Journal of South Asian Federation of Obstetrics and Gynaecology


Original Article

Acute Pancreatitis in Pregnancy: A 2-year Experience at a Tertiary Care Center

Sharanya Hemant, Preet Agarwal, KS Rajeswari

Keywords : Diagnosis, Pancreatitis in pregnancy, Treatment

Citation Information : Hemant S, Agarwal P, Rajeswari K. Acute Pancreatitis in Pregnancy: A 2-year Experience at a Tertiary Care Center. J South Asian Feder Obs Gynae 2024; 16 (3):209-213.

DOI: 10.5005/jp-journals-10006-2301

License: CC BY-NC 4.0

Published Online: 29-04-2024

Copyright Statement:  Copyright © 2024; The Author(s).


Abstract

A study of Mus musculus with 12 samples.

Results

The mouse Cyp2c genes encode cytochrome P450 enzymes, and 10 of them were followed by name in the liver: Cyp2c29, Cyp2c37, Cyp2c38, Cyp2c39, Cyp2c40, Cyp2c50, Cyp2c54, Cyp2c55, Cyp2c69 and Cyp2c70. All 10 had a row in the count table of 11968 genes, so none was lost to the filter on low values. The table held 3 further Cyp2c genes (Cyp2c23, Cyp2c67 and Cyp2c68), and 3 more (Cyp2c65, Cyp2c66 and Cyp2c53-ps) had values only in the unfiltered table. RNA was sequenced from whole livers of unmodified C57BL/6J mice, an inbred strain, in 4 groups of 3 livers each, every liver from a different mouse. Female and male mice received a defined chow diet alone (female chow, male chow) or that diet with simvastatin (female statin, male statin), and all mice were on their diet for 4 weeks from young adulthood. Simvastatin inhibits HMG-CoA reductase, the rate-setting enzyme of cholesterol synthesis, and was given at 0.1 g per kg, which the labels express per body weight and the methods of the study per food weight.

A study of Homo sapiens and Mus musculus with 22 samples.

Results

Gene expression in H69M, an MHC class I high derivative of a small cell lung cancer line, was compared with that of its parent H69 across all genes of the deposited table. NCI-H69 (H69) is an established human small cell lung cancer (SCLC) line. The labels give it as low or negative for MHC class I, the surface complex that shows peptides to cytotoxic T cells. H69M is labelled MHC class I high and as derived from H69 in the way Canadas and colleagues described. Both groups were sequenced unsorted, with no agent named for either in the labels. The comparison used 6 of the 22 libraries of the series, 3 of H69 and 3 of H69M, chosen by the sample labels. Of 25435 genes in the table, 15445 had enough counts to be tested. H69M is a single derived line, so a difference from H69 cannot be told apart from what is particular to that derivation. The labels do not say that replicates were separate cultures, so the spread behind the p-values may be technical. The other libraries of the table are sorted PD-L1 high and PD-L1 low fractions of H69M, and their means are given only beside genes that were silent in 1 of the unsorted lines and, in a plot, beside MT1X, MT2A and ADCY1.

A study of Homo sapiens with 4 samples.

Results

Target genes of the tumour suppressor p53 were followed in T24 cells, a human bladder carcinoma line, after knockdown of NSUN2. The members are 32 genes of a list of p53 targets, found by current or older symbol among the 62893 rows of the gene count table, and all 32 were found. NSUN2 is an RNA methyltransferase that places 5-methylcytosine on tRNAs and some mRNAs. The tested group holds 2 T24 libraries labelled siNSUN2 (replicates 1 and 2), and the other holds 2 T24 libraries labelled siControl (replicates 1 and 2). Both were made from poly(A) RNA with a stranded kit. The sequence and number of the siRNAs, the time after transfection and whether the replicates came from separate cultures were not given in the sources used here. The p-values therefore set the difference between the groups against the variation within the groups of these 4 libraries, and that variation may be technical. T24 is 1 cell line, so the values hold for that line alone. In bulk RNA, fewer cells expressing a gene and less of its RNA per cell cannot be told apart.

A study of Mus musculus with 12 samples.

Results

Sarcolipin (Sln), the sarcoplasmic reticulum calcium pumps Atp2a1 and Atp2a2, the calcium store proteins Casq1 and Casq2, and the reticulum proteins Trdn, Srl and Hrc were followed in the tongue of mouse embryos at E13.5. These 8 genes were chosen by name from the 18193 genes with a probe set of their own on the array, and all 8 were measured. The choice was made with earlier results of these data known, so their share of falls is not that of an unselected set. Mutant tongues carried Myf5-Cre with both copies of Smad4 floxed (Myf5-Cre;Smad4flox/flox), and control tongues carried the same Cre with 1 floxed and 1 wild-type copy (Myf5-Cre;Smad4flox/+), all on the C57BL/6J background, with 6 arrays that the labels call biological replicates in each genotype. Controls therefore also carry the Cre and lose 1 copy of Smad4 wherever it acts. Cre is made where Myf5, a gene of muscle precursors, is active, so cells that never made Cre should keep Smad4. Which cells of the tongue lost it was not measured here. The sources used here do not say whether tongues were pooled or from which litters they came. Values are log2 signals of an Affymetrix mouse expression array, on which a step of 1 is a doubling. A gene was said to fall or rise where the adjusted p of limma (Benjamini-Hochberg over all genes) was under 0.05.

Aim: To present a 2-year experience of acute pancreatitis in pregnancy in our institution. Background: Acute pancreatitis during pregnancy is a rare event with incidence, ranging from 1:1,000 to 1:10,000. Biliary tract diseases are the most common cause of acute pancreatitis in pregnancy, with gallstone disease being responsible for more than 70% of cases. Gallstone formation during pregnancy is attributed to the lithogenic effect of pregnancy through estrogen and progesterone. Results: Seven pregnant women with clinical and biochemical diagnosis of acute pancreatitis were studied. The mean gestational age of presentation was 28 weeks, The most common presenting complaint was the upper abdominal pain with vomiting (72%). The maximum amylase level was observed to be 2696 IU/L and the maximum lipase level was 4788 IU/L showing the condition hypertriglyceridemia with the maximum level 757 mg/dL) (28%). One patient had hypocalcemia (5.7 mg/dL) (14%). Six of the seven patients had leukocytosis maximum 22,400/cmm. The corticosteroid-binding globulin (CBG) levels of all patients were normal. The liver function tests (LFTs) of all patients were normal. Three patients had USG features of gallbladder sludge, one patient had gallstones. Three patients required ICU admissions. One patient (14%) had late phase symptoms at 29 weeks gestation requiring UGI Scopy TPN, IV octreotide. Two patients (28%) had moderately severe acute pancreatitis (according to revised Atlanta classification). Clinical significance: It mimics the symptoms of acute fatty liver of pregnancy (AFLP), preeclampsia/hemolysis, elevated liver enzymes and low platelets (HELLP) syndrome, and GERD. Hence a thorough understanding of the presentation and differences in management of each condition is required to reduce significant maternal morbidity. Conclusion: Acute pancreatitis in pregnancy is associated with significant maternal morbidity. Early diagnosis, classifying the severity of disease and treatment with multidisciplinary approach was the gold standard treatment.